Advanced clinical practice is a level of practice healthcare professionals can attain.
Advanced level practitioners (ACPs) are from a range of professional backgrounds such as nursing, pharmacy, paramedics, occupational therapy, healthcare science and midwifery.
More recently, Health Education England has added ‘credentials’ for health and care professionals working in learning disabilities and autism services, to expand their professional competencies. For a full list of the credentials available, please visit the Health Education England website.
ACPs are educated to masters level and have developed the skills and knowledge to allow them to take on expanded roles and scope of practice. Healthcare professionals at this level can enhance capacity and capability within multi-professional teams by providing clinical leadership and enabling collaboration across the multidisciplinary team. They help to improve clinical continuity, enhance multi-professional teams and provide high-quality care for patients.
Multi-professional framework for advanced clinical practice
In 2017, Health Education England and NHS England and NHS Improvement worked in partnership to develop a national framework for advanced clinical practice, which ensures that there is national consistency and understanding about what the ACP role is. This is the first time that a national framework has existed in England and has established a shared understanding of the ACP role and how they can be deployed to deliver better patient care.
The framework offers opportunities for mid-career development of new skills such as prevention, shared decision making, and self-care. The framework includes:
- a national definition of the role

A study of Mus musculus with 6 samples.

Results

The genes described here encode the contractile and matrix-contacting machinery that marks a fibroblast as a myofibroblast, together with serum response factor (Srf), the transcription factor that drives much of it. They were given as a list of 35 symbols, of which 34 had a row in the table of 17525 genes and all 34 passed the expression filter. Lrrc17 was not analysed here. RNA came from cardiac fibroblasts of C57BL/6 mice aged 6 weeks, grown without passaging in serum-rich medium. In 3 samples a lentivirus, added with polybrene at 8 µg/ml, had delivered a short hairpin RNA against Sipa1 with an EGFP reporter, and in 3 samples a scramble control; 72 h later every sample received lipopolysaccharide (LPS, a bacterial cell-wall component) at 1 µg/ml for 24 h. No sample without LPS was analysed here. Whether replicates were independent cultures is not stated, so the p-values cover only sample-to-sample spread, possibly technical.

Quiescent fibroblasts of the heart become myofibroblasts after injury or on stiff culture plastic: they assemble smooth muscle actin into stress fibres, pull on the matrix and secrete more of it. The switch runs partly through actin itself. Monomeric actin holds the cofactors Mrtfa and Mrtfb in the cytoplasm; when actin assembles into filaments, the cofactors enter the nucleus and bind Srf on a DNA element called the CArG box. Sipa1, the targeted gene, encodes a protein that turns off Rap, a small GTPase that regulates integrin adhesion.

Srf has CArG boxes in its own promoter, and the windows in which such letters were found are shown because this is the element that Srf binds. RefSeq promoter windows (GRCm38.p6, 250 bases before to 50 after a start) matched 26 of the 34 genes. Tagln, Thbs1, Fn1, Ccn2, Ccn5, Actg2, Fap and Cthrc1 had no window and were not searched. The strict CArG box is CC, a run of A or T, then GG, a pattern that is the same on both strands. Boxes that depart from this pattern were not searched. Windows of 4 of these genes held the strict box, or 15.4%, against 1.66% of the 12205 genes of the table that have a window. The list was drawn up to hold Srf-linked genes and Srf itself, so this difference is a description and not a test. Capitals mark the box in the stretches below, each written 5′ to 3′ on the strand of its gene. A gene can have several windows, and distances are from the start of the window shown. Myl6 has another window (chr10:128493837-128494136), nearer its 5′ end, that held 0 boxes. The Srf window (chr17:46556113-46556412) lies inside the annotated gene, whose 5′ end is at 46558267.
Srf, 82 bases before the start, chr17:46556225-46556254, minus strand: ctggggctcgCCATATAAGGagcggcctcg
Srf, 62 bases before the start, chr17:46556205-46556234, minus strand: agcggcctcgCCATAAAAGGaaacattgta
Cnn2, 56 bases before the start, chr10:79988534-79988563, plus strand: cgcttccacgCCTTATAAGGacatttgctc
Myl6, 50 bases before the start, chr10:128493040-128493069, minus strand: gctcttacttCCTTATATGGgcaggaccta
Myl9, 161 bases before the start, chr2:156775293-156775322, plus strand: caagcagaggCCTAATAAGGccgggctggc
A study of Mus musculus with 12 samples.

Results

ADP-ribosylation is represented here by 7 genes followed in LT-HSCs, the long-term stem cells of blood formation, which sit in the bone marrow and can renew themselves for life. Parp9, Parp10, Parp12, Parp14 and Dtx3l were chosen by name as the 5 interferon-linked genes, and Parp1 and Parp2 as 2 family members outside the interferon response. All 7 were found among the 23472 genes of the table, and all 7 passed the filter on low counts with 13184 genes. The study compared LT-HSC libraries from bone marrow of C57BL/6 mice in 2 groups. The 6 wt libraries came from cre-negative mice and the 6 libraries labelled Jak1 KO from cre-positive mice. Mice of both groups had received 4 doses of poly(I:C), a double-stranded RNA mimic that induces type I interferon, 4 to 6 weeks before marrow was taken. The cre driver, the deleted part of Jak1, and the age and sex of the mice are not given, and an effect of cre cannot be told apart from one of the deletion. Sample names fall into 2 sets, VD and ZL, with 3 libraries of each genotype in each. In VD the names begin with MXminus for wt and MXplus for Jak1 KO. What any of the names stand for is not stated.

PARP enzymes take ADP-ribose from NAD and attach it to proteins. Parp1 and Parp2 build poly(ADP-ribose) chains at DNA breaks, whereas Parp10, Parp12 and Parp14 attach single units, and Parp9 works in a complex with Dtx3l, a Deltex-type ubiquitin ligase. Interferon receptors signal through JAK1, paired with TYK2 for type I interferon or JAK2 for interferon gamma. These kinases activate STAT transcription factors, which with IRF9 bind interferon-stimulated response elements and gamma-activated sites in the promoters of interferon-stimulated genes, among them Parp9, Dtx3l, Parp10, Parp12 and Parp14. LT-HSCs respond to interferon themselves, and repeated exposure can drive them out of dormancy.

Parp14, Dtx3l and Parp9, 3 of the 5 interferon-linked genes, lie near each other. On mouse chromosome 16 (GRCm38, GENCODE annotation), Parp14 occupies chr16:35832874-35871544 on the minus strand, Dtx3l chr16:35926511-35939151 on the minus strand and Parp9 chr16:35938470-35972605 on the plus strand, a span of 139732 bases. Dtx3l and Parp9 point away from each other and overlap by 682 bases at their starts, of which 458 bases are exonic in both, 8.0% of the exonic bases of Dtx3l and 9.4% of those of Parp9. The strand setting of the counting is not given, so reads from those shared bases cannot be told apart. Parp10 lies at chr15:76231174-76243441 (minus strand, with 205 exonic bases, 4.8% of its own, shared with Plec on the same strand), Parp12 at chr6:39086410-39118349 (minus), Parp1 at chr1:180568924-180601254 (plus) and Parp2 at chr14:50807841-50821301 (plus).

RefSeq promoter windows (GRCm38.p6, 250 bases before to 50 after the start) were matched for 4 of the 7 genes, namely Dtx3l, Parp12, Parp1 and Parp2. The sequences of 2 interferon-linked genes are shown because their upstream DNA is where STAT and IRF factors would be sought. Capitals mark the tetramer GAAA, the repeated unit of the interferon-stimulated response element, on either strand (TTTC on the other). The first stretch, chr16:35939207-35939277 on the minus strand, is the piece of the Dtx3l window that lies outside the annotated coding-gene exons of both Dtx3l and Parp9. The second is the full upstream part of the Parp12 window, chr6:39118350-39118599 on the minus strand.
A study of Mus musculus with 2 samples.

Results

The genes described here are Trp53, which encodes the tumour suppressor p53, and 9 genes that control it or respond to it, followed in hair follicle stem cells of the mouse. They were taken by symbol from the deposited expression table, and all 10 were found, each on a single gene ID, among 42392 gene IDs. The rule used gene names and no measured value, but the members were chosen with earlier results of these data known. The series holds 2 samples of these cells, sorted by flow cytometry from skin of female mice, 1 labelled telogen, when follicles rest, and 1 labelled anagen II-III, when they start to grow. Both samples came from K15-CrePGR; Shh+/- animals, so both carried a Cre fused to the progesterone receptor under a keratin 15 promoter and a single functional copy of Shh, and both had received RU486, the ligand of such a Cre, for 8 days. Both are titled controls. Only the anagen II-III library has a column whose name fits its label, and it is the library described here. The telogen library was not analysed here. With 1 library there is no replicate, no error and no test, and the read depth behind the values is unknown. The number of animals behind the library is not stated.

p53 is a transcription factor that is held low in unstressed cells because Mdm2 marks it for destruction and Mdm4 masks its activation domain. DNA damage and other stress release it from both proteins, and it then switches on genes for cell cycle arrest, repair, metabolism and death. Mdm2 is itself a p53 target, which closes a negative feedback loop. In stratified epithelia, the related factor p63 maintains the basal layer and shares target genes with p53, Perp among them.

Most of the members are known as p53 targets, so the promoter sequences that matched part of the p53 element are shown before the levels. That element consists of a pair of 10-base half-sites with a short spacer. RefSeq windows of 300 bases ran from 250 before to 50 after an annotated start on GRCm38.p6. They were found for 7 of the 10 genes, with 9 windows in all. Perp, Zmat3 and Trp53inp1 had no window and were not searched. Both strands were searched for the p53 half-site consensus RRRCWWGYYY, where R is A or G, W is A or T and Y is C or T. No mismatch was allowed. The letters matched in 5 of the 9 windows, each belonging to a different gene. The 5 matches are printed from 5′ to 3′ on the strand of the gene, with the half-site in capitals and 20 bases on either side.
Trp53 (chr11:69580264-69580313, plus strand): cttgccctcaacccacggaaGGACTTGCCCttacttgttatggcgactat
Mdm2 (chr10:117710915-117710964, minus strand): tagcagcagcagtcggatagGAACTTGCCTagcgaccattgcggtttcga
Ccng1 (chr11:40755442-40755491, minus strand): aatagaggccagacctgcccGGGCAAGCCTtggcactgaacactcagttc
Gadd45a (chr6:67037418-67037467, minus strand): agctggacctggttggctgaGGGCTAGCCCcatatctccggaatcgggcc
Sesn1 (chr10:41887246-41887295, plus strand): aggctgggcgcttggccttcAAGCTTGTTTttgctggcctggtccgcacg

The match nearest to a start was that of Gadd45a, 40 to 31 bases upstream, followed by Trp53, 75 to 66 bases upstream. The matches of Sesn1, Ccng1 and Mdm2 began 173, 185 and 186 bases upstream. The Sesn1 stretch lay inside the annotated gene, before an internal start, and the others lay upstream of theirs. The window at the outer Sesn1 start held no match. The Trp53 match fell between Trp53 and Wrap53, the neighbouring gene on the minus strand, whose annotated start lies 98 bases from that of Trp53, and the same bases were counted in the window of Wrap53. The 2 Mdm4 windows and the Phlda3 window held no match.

- what the requirements for entry are
- guidance and principles that ACPs should adhere to in their professional practice
- a clear career pathway into and within the profession.
View the multi-professional framework for advanced clinical practice in England.
What can ACPs do?
Health and care professionals working at an advanced clinical practice level will be able to evidence the underpinning competencies, skills and behaviours applicable to the specialty or health and care setting and job role they are working within. As part of the framework for advanced clinical practice, ACPs must be able to evidence additional core capabilities across four pillars: clinical practice, leadership and management, education and research.
ACPs can demonstrate expertise and professional judgement to achieve these capabilities in areas such as: diagnostics and therapeutics, enhanced skills in consultation, critical thinking and clinical decision-making, and the leadership they demonstrate within their teams.
These can be demonstrated in different ways depending on the setting or role the ACP is practicing, which means that there is flexibility for employers to determine how ACPs demonstrate these capabilities, based on service, patient, team and organisational needs.
Workplace supervision of trainee ACPs
Existing workplace supervision practices may not map neatly to the learning needs of developing multi-professional advanced clinical practitioners or trainees. A range of practical and comprehensive guidance for the workplace supervision of trainee ACPs can be found in HEE's supervision for advanced clinical practice resource.
Find out more
There is now a level 7 (master's level) apprenticeship in advanced clinical practice available, which can be funded through the apprenticeship levy. Visit the Skills for Health website for further information. For more information about Health Education England's work on advanced clinical practice, please visit the HEE website.
You can hear from Nottingham University Hospitals NHS Trust who are using the apprenticeship route to train their Advanced Clinical Practitioners in this video.
You can also learn about how employers in the NHS are using apprenticeships to develop their workforce by visiting our apprenticeships web section.